Ethical questions about surgeon general nominee delay confirmation hearing Husband is alleged to owe tax for nurse

July 16, 1993|By New York Times News Service

WASHINGTON -- The White House bowed Thursday to Republican pressure to postpone confirmation hearings for President Clinton's nominee for surgeon general, Dr. M. Joycelyn Elders, to give her supporters and opponents more time to examine ethical questions uncovered in background checks.

The most serious issue is a lawsuit filed against the National Bank of Arkansas over events that occurred when Dr. Elders was serving on its board. The bank was the subject of a successful hostile takeover, and some new directors sued the previous directors, including Dr. Elders, for shoddy lending practices that they said violated federal banking laws.

The suit is now being settled. But Sen. Edward M. Kennedy of Massachusetts, chairman of the Senate Labor Committee that was scheduled to hear Dr. Elders confirmation on Friday, and Sen. Nancy L. Kassebaum of Kansas, the ranking Republican on that committee, agreed that it would be best to postpone the hearing for a week while their staffs reviewed all the documents from the comptroller of the currency to determine what if any role Dr. Elders played on the board.

White House officials insist it was minimal.

And administration officials disclosed that Dr. Elders has been collecting her salary as Arkansas' health director while she was getting a $550-a-day federal consulting fee -- for her work preparing for the nomination hearings and for her new job -- and that her husband had not paid Social Security taxes on household help for his ailing mother.

Dee Dee Myers, the White House spokeswoman, said Mr. Clinton was still committed to Dr. Elders' nomination, which has attracted vigorous opposition from conservatives because of her outspoken support for abortion rights, distribution of condoms to teen-agers and early sex education.

Officials also said the White House was satisfied with her explanation for the new ethical issues. Dr. Elders has told them that she was simply collecting accumulated vacation pay while working in Washington and that she was not involved in the financial arrangements made for her mother-in-law's care.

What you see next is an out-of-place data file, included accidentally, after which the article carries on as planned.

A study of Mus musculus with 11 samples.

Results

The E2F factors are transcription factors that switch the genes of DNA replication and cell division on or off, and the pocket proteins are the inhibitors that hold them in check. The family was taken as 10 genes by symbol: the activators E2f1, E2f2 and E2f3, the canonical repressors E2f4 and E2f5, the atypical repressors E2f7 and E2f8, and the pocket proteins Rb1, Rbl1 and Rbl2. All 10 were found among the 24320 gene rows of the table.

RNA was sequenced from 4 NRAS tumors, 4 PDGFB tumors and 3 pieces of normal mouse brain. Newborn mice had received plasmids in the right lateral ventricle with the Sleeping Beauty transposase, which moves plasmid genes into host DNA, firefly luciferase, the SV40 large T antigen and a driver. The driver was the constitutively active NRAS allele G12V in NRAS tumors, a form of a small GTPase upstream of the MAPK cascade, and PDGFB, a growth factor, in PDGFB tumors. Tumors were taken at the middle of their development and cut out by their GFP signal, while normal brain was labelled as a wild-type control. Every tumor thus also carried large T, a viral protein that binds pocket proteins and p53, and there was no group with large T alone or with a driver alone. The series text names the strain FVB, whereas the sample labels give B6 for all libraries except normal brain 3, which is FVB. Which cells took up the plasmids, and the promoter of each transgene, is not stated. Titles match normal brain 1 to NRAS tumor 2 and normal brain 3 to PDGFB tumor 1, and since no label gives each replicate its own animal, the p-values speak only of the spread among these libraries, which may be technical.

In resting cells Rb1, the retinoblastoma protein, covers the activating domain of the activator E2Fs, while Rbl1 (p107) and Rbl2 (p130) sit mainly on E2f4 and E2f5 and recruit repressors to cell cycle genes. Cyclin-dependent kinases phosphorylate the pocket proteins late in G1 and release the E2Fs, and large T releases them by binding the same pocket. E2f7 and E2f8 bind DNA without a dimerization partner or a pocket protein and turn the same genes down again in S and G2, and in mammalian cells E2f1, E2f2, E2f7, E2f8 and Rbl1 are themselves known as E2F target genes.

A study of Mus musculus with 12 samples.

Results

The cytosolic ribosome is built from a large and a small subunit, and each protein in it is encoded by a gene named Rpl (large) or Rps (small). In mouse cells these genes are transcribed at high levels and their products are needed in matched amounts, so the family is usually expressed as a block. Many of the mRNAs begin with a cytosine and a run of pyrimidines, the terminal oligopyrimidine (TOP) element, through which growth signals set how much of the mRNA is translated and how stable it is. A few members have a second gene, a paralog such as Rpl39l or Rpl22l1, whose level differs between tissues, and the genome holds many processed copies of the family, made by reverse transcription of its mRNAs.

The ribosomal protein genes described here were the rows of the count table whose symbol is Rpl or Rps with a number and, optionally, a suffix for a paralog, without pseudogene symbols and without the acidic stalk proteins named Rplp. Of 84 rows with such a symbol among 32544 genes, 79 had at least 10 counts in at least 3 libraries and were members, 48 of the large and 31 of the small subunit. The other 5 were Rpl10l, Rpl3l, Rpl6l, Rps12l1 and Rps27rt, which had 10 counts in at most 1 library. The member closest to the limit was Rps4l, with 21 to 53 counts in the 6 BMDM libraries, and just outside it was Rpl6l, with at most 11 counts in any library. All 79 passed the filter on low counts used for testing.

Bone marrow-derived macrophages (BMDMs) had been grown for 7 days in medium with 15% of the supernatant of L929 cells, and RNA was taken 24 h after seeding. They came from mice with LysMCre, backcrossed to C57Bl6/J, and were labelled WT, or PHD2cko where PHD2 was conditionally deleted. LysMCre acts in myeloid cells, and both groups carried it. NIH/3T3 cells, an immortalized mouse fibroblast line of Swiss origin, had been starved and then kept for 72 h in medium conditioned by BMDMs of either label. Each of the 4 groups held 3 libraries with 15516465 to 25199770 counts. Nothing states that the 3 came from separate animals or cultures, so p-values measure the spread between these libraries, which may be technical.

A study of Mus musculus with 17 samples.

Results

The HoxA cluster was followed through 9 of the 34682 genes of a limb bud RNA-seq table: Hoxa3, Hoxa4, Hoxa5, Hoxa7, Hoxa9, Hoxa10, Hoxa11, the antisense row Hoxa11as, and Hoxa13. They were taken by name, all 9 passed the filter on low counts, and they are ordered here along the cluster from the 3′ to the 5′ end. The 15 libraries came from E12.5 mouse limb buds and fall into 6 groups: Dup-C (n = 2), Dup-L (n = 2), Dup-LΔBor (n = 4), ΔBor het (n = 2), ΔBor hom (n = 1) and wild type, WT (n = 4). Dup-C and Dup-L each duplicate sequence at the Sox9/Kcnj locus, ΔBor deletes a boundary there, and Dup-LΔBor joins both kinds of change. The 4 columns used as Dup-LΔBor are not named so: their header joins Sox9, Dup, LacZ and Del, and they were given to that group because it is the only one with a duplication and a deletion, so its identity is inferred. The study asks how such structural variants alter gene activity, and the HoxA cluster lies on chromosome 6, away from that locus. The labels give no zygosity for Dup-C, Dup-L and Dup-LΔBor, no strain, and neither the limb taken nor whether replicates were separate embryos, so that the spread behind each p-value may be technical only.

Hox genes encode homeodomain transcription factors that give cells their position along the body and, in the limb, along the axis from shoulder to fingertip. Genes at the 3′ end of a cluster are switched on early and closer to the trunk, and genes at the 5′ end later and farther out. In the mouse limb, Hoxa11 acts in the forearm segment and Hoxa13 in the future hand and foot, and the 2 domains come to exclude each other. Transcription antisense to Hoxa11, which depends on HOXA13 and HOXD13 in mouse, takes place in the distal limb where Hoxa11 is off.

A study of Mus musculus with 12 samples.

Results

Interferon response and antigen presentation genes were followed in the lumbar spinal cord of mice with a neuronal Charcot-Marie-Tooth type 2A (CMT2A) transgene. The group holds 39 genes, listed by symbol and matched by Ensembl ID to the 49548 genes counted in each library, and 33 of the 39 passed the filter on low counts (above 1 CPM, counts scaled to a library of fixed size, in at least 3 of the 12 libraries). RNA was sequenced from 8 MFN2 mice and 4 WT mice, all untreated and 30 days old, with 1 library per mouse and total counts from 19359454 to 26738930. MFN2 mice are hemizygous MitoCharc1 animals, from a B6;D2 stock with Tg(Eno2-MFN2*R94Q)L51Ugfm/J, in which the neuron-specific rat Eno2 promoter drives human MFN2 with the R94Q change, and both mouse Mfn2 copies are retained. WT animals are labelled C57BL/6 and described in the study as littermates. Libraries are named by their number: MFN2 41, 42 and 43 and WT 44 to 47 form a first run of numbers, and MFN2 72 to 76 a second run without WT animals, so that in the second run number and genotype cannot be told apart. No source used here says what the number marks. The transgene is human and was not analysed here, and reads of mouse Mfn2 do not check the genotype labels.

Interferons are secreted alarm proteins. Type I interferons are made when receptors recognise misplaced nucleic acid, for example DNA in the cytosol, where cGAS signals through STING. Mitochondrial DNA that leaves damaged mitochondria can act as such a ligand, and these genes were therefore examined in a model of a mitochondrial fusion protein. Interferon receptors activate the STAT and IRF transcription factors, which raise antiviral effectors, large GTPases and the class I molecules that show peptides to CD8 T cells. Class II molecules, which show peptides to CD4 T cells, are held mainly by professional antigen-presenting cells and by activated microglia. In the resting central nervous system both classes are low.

But with confirmation hearings scheduled for today , Republican senators demanded a week's delay. And the White House, which needs a handful of Republican votes to prevent a filibuster that could kill the nomination, agreed.

"We support the decision to postpone the hearings," Ms. Myers said. "It will give Dr. Elders an opportunity to provide all the answers to the committee. The president stands behind her 100 percent."

The decision was reached in discussions between the White House and Senator Kennedy and Senator Kassebaum.

"We could have jammed it down the Republicans' throats tomorrow, but we would have paid for it later," a senior administration official said. "This way we let everyone have their questions answered. We are trying to navigate this thing through in a way that will win as much Republican support as possible."

In giving in to the Republicans, White House officials swallowed their concern that postponing the hearings could give opponents another week to continue painting her as a medical radical.

White House officials have been saying for weeks that nothing would more effectively blunt opposition to Dr. Elders than her own testimony before the Senate Labor Committee.